A Nova Scotian who focuses on making individuals aware of their behaviour around money has received a boost after being recognized by a group that works to promote female entrepreneurs.

The SheEO movement’s Radical Generosity initiative helps finance and support women-led ventures in Canada.

Stephanie Holmes-Winton, CEO of Dartmouth company The Money Finder, has been named a national finalist in the Radical Generosity program.

The Money Finder teaches a process called cash flow planning that shows financial advisers how to help clients manage their finances in human terms.

“Our process takes into account the fact that people are human and not robots or computers,” Holmes-Winton said.

“Humans have behavioural triggers. There are things we do that we don’t understand and things we do out of fear, like chasing a fixed-rate mortgage and ignoring other debt.

“The fixed rates can cost us when we don’t look at the whole picture, but they make us feel safe.”


Holmes-Winton initially tried to teach these techniques directly but found clients needed an adviser to keep them to their cash flow plan and pick them up when they lapsed.

She said she believes hers is the only financial program of this type that focuses on behaviour. Others more commonly focus on products, math, taxation and law.

Born in Halifax, Holmes-Winton began her career at 22 as a financial adviser. She soon realized many of her clients overspent and did not know where their money went.

She found that asking them to track their spending was counter-productive because it caused a sense of shame that was a bad motivator. Also, it’s hard for tracking to be completely accurate.

So she invented a formula that takes into account income, age, debt and other variables to create spending guidelines. It is at the core of the certified cash flow specialist designation.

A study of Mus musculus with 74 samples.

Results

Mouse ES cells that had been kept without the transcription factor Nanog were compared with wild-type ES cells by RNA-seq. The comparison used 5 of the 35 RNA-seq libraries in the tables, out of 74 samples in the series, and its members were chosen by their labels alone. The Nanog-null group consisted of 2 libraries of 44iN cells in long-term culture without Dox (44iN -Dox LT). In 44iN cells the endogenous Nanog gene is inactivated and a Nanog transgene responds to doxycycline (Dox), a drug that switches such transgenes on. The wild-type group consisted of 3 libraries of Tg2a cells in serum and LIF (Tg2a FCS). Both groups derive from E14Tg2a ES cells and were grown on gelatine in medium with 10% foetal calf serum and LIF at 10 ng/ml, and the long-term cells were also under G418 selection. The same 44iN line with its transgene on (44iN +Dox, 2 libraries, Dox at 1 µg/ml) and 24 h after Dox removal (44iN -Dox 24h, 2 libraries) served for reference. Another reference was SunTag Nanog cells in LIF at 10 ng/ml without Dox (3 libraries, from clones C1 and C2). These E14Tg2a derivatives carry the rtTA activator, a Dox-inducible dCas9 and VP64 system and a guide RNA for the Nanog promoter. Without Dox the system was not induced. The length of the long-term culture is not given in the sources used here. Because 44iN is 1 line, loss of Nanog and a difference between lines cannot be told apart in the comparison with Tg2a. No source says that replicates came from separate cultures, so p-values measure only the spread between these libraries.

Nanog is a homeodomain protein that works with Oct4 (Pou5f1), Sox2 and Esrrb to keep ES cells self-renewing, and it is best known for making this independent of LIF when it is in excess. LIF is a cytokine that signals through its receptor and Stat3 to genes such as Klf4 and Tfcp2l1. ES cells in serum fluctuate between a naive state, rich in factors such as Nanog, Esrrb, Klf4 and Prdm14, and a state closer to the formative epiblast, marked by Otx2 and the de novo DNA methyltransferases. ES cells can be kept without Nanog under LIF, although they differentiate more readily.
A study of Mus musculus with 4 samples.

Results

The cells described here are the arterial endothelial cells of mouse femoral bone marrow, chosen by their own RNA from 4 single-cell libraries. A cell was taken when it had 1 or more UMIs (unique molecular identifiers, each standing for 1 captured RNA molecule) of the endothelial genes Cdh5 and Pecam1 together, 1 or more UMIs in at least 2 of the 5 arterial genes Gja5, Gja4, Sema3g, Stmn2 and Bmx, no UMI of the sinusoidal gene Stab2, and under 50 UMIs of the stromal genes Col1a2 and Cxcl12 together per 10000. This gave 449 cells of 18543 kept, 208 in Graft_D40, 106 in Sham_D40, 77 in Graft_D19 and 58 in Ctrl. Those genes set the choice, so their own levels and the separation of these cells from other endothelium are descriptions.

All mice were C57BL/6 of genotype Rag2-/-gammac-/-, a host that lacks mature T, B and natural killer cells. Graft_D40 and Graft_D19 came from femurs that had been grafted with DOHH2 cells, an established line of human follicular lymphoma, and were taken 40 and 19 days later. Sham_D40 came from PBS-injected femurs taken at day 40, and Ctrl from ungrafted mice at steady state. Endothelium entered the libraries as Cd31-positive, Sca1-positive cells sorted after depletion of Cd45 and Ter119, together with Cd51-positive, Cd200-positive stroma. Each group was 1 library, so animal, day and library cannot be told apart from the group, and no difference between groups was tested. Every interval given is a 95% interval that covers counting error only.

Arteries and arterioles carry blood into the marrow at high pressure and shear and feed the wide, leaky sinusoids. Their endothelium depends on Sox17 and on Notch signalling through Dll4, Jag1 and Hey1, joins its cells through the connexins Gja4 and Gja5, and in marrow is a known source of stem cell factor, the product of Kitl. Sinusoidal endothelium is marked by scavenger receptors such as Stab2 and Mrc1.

“I was a financial adviser for 10 years,” she said.

“I was talking to clients and I was asking them, ‘Why do I get the feeling that I think your future is more important than you do? I feel I’m fighting you to get you to save. … Why is that?’

“They said, ‘Listen, can you tell us where the heck our money is going and then tell us how to save in a way that is not torture?’”

Holmes-Winton is the author of two books on spending and debt, and has her own CTV segment, Money Matters.

She began her company alone in late 2011, honed it for two years and now employs 13 full-time staff, with several hirings underway. The Money Finder team works from the Halifax region, Cape Breton, New Brunswick, Alberta and Ontario.

The certified cash flow specialist designation was launched two years ago and has trained over 360 advisers. So far, the company operates only in Canada, with plans to expand into the United States in 2018.

Holmes-Winton is one of two area finalists in the Radical Generosity initiative. The other is Halifax-based Health QR CEO Patti Ryan.


“SheEO is huge for us,” Holmes-Winton said. “Our No. 1 struggle is finding funding. … This recognition will allow us to grow faster and help more people.”